In agile methodologies, acceptance criteria refers to a set of predefined requirements that must be met in order to mark a user story complete. More →
What should a product roadmap look like? Given the right software application, one designed specifically for developing roadmaps, most product managers would opt to create a high-level, visual product roadmap that engages an audience in a meeting. Our Product Roadmap Survey revealed that one of the primary complaints product managers have about the roadmaps they typically develop is that “they are not visually compelling.”
Two Reasons Visual Roadmaps are Effective
This common complaint about roadmaps is not simply an aesthetic issue — there are real, practical reasons why roadmap visualization is crucial to successfully presenting your product strategy.
One reason is that your product roadmap, and the meeting in which you present it to your stakeholders and other constituents, represents your best chance to communicate your product strategy quickly and clearly.
Using a roadmap built with the traditional tools — such as an Excel spreadsheet or a long Word document — undermines your opportunity to convey your high-level strategy, which is where your conversation with constituents should begin. Instead, these tools — which force you to simply list out features, tasks and other elements of the product’s development — assume your audience already knows exactly what your plan is, and jump right into the details.
Another reason a visual roadmap is often more effective is that, in addition to its role as a communication tool, your roadmap has another important job — to persuade. You need your roadmap to earn buy-in from executives, to build momentum and enthusiasm among your sales team, or even to generate enthusiasm among customers.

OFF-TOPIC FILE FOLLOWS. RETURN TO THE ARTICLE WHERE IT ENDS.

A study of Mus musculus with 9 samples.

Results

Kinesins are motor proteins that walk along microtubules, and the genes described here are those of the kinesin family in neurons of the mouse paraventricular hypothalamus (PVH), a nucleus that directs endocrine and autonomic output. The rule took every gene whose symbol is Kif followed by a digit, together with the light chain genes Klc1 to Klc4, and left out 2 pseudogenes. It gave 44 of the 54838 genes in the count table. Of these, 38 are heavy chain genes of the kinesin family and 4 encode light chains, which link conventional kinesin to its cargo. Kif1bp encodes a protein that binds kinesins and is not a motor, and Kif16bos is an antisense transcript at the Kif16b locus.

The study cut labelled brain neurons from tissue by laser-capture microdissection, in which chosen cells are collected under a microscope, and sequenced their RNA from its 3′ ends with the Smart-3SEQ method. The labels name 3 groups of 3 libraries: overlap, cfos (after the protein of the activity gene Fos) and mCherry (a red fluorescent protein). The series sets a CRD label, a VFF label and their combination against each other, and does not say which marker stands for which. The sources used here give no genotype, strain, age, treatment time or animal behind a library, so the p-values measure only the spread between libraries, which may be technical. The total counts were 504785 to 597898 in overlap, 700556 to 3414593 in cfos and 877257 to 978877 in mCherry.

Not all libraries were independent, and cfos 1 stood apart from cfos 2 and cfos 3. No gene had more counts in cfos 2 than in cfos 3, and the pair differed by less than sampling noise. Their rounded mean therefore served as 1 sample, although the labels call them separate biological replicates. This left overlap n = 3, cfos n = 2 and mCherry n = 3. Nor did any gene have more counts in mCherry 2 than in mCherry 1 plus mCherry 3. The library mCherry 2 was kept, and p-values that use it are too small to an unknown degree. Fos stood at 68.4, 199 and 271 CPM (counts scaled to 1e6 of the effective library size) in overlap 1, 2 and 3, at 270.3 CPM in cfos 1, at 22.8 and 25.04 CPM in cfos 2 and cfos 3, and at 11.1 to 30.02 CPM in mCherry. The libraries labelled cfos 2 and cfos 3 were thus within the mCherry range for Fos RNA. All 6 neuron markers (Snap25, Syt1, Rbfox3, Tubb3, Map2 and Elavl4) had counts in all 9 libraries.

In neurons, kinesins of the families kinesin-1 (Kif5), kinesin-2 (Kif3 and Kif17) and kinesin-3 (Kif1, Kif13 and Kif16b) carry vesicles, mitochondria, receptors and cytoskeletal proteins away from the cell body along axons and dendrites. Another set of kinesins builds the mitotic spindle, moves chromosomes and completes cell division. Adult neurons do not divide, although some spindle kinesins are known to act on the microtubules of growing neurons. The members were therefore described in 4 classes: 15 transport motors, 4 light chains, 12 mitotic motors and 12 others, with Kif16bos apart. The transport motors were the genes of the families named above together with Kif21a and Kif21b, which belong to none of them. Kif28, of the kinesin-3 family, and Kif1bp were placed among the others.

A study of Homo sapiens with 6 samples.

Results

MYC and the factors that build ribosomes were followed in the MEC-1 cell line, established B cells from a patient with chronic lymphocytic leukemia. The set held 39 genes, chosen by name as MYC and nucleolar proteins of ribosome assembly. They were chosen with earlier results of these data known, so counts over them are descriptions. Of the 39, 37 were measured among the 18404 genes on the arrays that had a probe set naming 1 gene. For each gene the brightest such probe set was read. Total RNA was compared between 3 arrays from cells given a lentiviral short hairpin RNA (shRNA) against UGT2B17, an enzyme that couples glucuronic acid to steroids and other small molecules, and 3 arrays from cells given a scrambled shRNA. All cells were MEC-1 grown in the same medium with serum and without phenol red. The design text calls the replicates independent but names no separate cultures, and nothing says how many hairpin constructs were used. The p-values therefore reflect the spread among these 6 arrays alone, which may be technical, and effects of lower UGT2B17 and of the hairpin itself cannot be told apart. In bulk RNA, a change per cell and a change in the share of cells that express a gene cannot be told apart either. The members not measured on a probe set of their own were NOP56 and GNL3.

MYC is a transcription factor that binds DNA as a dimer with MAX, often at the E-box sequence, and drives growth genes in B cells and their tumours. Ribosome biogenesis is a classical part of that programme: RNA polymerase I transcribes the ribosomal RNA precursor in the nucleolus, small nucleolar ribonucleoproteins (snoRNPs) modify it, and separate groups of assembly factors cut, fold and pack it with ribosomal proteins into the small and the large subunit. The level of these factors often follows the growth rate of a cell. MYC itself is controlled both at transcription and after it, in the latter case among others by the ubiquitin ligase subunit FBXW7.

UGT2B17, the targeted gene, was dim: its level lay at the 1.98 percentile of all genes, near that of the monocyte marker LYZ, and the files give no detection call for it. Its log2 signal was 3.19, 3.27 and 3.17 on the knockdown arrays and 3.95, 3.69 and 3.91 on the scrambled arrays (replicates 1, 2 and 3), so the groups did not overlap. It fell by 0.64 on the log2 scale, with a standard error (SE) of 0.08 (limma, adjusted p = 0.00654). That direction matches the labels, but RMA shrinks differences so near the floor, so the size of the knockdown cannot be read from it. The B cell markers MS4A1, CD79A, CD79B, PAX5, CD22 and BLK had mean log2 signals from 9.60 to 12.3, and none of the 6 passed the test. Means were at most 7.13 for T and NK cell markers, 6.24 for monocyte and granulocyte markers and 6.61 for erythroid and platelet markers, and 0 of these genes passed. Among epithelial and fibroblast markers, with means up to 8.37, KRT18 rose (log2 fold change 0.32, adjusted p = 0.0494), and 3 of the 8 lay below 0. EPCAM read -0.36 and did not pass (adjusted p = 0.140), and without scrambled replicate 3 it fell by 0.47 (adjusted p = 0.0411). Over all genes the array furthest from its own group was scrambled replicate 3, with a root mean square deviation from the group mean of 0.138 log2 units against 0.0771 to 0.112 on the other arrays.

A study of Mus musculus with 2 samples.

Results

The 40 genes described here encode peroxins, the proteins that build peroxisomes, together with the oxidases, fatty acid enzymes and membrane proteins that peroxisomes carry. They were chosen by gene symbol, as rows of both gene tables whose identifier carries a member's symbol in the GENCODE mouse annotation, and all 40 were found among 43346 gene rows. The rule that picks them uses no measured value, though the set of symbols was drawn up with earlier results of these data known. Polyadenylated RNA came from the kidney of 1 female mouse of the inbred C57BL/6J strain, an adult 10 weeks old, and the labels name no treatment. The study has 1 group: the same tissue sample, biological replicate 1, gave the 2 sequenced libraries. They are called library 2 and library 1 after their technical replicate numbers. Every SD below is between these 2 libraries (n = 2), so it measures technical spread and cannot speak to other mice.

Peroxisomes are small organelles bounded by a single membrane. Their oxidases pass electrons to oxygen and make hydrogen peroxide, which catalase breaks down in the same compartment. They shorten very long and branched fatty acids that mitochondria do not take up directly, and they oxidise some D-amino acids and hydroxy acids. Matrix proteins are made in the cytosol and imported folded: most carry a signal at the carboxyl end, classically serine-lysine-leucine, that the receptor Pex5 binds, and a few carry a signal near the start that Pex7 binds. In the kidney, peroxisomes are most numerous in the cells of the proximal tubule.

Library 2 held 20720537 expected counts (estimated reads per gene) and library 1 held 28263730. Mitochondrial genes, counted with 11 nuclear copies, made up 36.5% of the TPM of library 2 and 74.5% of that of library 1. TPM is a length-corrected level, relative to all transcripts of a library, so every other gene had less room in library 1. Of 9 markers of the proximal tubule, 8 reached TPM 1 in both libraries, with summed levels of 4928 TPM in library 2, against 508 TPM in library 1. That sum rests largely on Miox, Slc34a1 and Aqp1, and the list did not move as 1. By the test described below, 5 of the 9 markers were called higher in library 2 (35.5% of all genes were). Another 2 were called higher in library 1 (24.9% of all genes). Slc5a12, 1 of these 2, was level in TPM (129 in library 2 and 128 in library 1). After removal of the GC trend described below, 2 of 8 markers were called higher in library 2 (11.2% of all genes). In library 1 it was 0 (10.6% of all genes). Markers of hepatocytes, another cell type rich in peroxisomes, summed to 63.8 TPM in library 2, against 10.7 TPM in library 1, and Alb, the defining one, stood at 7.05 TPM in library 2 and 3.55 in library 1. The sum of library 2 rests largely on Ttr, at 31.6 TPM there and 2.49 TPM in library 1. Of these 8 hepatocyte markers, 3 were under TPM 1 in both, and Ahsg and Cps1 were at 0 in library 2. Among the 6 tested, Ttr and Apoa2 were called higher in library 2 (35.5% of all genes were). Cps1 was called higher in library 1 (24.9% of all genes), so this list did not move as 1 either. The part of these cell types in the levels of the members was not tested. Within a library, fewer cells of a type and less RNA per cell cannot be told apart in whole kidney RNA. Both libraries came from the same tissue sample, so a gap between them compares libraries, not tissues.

People are visual by nature — and your best chance to earn the buy-in you need for your product strategy is to create a visual product roadmap that is as easy to grasp as possible. That means your roadmap should be clearly broken out by color schemes; with themes, stories or initiatives grouped logically; and using clear, easy-to-read labels for headings and categories.
In other words, you want to use whatever visual advantages your roadmap software offers to make your roadmap document as visually persuasive as you can.
Why You Should Not Use Static
For all of its visual merits, a PowerPoint presentation is a static document, one that will take time to create and update, and which can create confusion among your constituents if you are sending multiple versions back and forth.
Executives typically demand to see regular updates on a product’s progress, or changes to any part of the product strategy or prioritization. Using static files like PowerPoint for your roadmap will undermine this process.
The Key Advantage of Web-Based Visual Roadmap Software
You can standardize your process with collaborative, web-based roadmap software and convey the big picture in one place. ProductPlan lets you create and share beautiful roadmaps to build consensus across the entire organization.
Watch our video tutorials about building visual product roadmaps.